Pakistan’s polio predicament

Pakistan sank when the Taliban announced that they were opposed to polio vaccine as an article of faith.


Editorial February 22, 2012

The Global Polio Eradication Initiative (GPEI) has said in a report that there are six sanctuaries for polio virus: four in Pakistan — Quetta, the districts of Qila Abdullah and Pishin and Karachi — and two in Nigeria. And if not tackled, these safe havens of the disease can imperil the world with a pandemic that once threatened humanity. Optimists, who did not imagine the speed at which Pakistan seems to be sliding into chaos, thought the year 2012 would be the year when the world could announce the end of this horrible disease that cripples children and disables people for life.

The success story is India — the country the Difa-e-Pakistan Council doesn’t want Islamabad to trade with — where (as mentioned in the GPEI report) “unswerving political commitment, outstanding public health leadership, clear lines of accountability, intolerance of weak performance and systematic enforcement of best practices” has saved a billion-strong population, most of it poor, from being kicked out of life’s good prospects. Pakistan, on the other hand, had 198 polio cases last year, followed by Afghanistan with 80, Nigeria, 60, and India, one.

Partly, Talibanisation is to blame for what is happening because of the rapidly-spreading violence in Khyber-Pakhtunkhwa, Fata and Balochistan. Nigeria has its own Talibanisation called Boko Haram, whose followers seem to burn English-language schools and anything which looks modern. The killers are from Nigeria’s northern provinces, killing non-Muslims and also people of their own creed, if found moderate in their thinking. The only difference is that Pakistan is poor in natural resources and Nigeria has an abundance of crude oil.

Pakistan sank when the Taliban announced that they were opposed to polio vaccine as an article of faith. In Afghanistan, the Karzai government, backed by armies of the world’s most advanced countries, has lagged behind even Pakistan in remedial campaigns because of the ‘Taliban by night’ phenomenon in almost all the provinces. The GPEI says that Pakistan’s polio programme progressed strongly over its first 12 years; in 2005, it reported just 28 cases against 20,000 cases per year in the early 1990s. In recent year, however, Pakistan decided to part ways with the rest of the world in its fight against polio.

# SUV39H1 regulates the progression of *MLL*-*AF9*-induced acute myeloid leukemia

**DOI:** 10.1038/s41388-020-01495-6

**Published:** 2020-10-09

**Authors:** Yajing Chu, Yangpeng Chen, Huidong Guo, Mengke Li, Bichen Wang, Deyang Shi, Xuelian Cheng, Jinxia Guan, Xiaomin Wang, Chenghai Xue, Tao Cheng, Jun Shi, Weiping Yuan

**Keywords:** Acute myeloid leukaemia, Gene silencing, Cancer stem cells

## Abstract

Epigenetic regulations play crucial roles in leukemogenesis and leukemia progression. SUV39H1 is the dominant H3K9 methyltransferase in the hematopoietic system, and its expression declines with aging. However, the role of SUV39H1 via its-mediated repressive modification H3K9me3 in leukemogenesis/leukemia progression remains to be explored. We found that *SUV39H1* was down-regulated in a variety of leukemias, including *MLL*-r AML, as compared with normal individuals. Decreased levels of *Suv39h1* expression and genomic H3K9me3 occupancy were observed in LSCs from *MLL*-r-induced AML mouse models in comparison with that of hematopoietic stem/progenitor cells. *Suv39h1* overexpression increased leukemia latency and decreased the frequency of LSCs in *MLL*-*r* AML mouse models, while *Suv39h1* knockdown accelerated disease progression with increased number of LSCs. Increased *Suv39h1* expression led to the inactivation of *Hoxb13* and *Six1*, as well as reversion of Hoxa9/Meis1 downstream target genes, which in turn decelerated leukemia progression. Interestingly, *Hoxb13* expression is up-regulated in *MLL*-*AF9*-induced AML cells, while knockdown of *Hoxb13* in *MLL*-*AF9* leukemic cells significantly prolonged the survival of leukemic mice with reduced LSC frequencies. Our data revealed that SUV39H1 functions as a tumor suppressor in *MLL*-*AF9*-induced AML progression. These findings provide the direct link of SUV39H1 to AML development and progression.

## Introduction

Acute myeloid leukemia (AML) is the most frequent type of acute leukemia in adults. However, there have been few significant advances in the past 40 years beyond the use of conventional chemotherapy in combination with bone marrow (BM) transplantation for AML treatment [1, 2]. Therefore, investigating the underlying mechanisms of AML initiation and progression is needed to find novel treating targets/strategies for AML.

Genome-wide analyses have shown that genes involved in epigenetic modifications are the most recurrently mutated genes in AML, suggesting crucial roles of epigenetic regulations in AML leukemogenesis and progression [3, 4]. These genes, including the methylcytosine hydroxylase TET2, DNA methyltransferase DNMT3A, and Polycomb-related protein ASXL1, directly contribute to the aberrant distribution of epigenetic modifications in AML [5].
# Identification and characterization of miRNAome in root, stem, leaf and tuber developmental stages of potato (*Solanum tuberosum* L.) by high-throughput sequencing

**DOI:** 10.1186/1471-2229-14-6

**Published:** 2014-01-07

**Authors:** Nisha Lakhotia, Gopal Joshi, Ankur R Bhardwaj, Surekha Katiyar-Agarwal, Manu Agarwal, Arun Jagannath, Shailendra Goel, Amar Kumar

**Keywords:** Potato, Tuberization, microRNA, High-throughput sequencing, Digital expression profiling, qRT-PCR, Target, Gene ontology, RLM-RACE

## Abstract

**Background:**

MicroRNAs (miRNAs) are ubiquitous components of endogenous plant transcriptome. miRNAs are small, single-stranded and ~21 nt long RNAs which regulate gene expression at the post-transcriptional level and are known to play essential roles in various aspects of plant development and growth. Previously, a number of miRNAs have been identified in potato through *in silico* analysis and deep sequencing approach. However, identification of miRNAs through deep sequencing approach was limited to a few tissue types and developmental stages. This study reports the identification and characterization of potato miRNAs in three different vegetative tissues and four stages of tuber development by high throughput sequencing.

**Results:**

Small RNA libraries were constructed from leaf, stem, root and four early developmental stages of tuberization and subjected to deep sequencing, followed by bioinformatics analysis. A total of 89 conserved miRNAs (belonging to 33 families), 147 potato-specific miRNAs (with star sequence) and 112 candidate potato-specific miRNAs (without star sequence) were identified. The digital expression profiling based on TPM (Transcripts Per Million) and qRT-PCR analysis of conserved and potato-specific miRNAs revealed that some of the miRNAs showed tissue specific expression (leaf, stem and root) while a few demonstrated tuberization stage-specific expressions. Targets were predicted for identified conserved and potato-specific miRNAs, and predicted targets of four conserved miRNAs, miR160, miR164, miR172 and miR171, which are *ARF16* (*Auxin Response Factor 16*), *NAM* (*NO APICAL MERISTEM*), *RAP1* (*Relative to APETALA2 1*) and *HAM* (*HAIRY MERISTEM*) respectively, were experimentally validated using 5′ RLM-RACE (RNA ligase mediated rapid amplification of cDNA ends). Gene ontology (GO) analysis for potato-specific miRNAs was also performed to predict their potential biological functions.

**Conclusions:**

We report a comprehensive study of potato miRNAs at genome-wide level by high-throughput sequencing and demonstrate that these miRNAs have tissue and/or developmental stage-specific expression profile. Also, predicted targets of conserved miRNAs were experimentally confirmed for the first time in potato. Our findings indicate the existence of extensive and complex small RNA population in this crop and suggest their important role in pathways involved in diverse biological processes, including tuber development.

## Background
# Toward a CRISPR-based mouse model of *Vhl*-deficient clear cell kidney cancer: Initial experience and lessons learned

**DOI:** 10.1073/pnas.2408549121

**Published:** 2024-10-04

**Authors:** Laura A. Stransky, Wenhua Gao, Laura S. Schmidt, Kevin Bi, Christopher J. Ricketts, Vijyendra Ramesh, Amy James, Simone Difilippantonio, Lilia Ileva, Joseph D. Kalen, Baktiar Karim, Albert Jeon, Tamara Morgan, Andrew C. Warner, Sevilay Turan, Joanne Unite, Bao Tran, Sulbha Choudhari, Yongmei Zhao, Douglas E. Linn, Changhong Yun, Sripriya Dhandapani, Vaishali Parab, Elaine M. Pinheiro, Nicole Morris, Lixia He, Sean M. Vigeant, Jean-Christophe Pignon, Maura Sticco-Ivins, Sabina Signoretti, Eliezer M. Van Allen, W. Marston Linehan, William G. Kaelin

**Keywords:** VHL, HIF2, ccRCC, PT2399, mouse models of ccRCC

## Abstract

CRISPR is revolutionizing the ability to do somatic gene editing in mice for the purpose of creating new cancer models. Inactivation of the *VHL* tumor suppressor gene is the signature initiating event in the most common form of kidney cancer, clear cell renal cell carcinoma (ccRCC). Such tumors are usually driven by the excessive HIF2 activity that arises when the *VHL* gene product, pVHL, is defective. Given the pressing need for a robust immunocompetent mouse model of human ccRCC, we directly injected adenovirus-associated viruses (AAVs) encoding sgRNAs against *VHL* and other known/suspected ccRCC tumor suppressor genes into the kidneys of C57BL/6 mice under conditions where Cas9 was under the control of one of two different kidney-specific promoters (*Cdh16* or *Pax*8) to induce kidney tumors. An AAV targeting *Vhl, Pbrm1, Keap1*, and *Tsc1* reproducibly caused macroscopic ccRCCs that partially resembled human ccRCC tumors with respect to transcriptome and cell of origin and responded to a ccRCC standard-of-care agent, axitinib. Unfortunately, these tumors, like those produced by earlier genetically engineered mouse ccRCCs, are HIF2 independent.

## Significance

The Taliban first started threatening people in the Bajaur-Malakand region if they allowed their children to drink polio drops. The news that spread after that was based on some Talibanised clerics saying that the drops robbed the children of their virility. Needless to say, the thought was based on the most primitive thinking that the Taliban have consistently given evidence of. But the people obeyed not because they were as illiterate as the Taliban but because they were scared. The dispensing staff, too, did not want to get killed. Yet, the campaign against the anti-polio campaign had its so-called scientific origin in the UK where expat Muslim doctors first announced their opposition to vaccines. A spokesman for the Islamic Medical Association (UK) said in January 2011: “We are giving our innocent children haram (forbidden) substances and harmful chemicals that destroy their natural immune systems, causing disease, suffering and death. All Muslim doctors and parents should be aware of vaccine ingredients and of the failed efficacy of vaccines. The harm is clearly greater than the benefit. Time has come to take a stand for truth.” He referred to the polio drops together with other vaccines thus: “This reflects a grave medical assault inflicted on the small, weak, defenceless bodies of our innocent children.”

Everyone knows that polio vaccines were extracted from cows to create antibodies. Talibanised scholars waking up to the fact without presenting an alternative is simply not acceptable. The evidence is clear: the vaccine has saved the children of the world. And the good news is that Pakistan is winning back the areas lost to the terrorists: the girls’ schools are being rebuilt and the polio teams are out again saving our children from being crippled for life.

Published in The Express Tribune, February 23rd, 2012.

COMMENTS (12)

aslam | 10 years ago | Reply

I have asked that anti vaccine of polio is derived from cow how Hindus in India take vaccine as they call cow as their mother.tell me and others form which animal,polio antibodies are taken.thanks

CAT | 10 years ago | Reply

It is all too easy to blame the others, especially the Ulema. When dialogues are held with the Ulema, over 95% agree to support polio campaigns. To eradicate polio, we must engage with the broader community down to the household level as well as with Ulema, the teachers, shopkeepers, local administration and department of health, local civil society, local political activists, etc. TOTAL ENGAGEMENT IS NEEDED to make Pakistan polio free country on a sustainable basis. Finally, why is the media not doing enough to higlight the good (and the bad) work that is being done? During the polio campaign days, the media teams should be out and providing BREAKING NEWS about areas and children being covered as well as those being missed, REAL TIME feedback will catalyse the whole system; it will contribute to bringing tremendous improvements. Writing articles after the polio campaign, sorry to say, is of marginal use.